Maximillian Amadeus Banzai (banzai) wrote,
Maximillian Amadeus Banzai


Do you doubt, O Christian, do you doubt as to whether God will fulfill His promise?...Perhaps your affliction will continue upon you till you dare to trust your God, and then it shall end.

Charles Haddon Spurgeon, Morning and Evening (9 November, Evening: "No Light Sin")

What does it mean for God's heart to grieve? Lately, faced with my own (often illegitimate) griefs and disappointments, I've been drawn to consider His heart. What does He feel when I am unfaithful? How terrible for the only heart pure in love to be broken! I only have a taste and it feels like too much. I cannot fathom Gethsemane.

Yet that is exactly what I must consider if the gift of repentance is to be realized in my life. His tears are not the end of the story, but they are part of the story. God's passionate love includes the pain of it, far beyond the echoes I can know.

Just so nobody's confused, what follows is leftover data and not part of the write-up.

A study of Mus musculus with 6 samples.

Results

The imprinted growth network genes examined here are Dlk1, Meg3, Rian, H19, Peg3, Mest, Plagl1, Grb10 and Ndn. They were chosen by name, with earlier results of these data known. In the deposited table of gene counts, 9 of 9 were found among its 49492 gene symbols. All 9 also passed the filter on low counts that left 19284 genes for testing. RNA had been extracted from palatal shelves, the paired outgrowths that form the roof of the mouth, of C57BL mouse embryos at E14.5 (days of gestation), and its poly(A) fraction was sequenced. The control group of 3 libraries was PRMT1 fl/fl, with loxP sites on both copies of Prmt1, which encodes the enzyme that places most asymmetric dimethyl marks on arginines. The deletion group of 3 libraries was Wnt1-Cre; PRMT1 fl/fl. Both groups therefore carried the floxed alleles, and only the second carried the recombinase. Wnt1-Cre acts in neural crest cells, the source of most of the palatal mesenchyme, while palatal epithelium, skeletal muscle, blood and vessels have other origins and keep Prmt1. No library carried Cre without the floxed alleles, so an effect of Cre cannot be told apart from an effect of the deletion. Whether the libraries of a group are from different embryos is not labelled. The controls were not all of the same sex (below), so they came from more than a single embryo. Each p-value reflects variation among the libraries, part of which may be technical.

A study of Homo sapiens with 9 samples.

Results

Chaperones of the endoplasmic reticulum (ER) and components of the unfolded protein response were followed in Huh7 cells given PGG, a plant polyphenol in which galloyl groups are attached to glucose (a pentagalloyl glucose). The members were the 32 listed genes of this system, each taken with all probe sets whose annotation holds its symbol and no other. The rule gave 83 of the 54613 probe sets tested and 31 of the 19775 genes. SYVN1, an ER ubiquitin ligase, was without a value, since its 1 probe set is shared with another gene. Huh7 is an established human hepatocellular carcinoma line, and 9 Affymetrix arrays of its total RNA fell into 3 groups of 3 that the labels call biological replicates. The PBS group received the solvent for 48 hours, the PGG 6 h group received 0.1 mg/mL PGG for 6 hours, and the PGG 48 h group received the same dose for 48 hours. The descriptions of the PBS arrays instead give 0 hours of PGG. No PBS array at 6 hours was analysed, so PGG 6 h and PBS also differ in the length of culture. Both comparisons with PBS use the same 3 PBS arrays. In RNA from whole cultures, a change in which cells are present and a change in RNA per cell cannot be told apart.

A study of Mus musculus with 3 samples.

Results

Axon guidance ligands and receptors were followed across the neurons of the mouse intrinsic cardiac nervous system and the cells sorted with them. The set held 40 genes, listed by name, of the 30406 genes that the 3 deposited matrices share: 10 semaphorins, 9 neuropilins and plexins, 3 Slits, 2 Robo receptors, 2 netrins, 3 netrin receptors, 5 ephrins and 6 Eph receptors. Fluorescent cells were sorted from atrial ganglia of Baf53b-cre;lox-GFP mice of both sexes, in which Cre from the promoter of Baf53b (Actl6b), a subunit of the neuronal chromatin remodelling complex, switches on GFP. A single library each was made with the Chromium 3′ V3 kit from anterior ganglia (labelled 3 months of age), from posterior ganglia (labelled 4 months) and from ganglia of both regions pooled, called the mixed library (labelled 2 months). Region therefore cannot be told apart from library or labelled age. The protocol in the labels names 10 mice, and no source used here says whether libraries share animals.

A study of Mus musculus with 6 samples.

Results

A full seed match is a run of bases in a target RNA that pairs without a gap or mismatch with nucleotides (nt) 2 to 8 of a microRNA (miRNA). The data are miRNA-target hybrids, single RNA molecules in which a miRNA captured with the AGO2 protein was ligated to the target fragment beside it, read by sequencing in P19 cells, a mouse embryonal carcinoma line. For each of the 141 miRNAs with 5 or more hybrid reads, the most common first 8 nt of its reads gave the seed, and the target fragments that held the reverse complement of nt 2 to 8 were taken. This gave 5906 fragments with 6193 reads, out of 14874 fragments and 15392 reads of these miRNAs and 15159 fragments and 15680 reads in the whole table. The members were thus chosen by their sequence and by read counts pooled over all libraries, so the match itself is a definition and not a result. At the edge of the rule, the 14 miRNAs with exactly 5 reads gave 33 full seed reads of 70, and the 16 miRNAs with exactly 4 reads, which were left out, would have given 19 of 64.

"You are more than this," He says to His children, over and over, even while our ears are filled with the sound of our own distractions and pursuits. We make so much noise. Pursuing those things that please us and grieve Him, we completely deny His claim on us. We reject His love for our lusts (the Bible's imagery of "skirts over our heads" and "camels in heat" is apt). Most of the time, we don't even admit it.

I think so much about how I feel and so little about how He feels. Yet my feelings are untrustworthy, while He can never be untrue.

It is a grace for me to be discontent in these parts of my life. My restlessness exposes counterfeits, calling me out to true Rest. It will continue upon me till I dare to trust my God.